An Apple Peel a Day Could Keep Obesity at Bay
Research indicates a compound in apple peels could help ward off obesity
Today on The Daily Meal
We already know that apples are pretty healthful, in addition to being tasty, but new research indicates that they might help protect against obesity, as long as you leave the peel on.
In a recent study with mice likely to develop obesity, researchers found that the mice on a high-fat diet that included a compound called ursolic acid, which is found in apple peels, developed more muscle mass and more calorie-burning brown fat than mice that did not consume ursolic acid, but otherwise ate the same diet as the healthier mice.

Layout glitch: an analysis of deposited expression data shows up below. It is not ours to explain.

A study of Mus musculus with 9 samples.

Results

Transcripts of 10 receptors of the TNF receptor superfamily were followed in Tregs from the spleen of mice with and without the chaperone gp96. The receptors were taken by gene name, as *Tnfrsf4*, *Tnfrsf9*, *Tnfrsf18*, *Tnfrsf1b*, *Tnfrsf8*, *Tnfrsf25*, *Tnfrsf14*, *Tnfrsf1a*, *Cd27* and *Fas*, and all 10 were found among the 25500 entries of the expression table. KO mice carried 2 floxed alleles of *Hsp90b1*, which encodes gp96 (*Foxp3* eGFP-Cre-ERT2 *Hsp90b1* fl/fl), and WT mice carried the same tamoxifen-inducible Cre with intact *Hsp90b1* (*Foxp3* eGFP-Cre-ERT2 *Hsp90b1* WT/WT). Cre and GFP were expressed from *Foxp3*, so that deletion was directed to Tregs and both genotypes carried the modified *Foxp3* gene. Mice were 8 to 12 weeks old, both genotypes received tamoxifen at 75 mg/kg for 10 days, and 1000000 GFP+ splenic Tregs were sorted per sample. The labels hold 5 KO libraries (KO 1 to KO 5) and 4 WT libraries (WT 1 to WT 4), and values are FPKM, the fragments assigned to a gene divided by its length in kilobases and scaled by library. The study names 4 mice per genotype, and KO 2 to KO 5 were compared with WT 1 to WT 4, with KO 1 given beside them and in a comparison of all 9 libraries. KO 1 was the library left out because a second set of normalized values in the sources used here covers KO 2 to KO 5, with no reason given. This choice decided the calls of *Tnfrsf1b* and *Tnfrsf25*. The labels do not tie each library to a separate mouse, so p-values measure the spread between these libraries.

Overall, the mice eating ursolic acid gained less weight and were less likely to develop problems like pre-diabetes and fatty liver syndrome, even though they actually ate more food than the other mice and all the mice had the same activity level. Testing the mice’s energy expenditure revealed that the ursolic acid mice burned more calories, too.
"Brown fat is beneficial and people are trying to figure out ways to increase it," said researcher Christopher Adams, according to Fox. "Our next step is to determine if ursolic acid can help patients."
Ursolic acid has not been tested in humans, and rodent research doesn’t necessarily produce the same results in people, so Adams said they’re still not sure if ursolic acid will do anything to benefit humans. But it can’t hurt to try, and apples are still delicious, so you might as well try out some of our best apple recipes.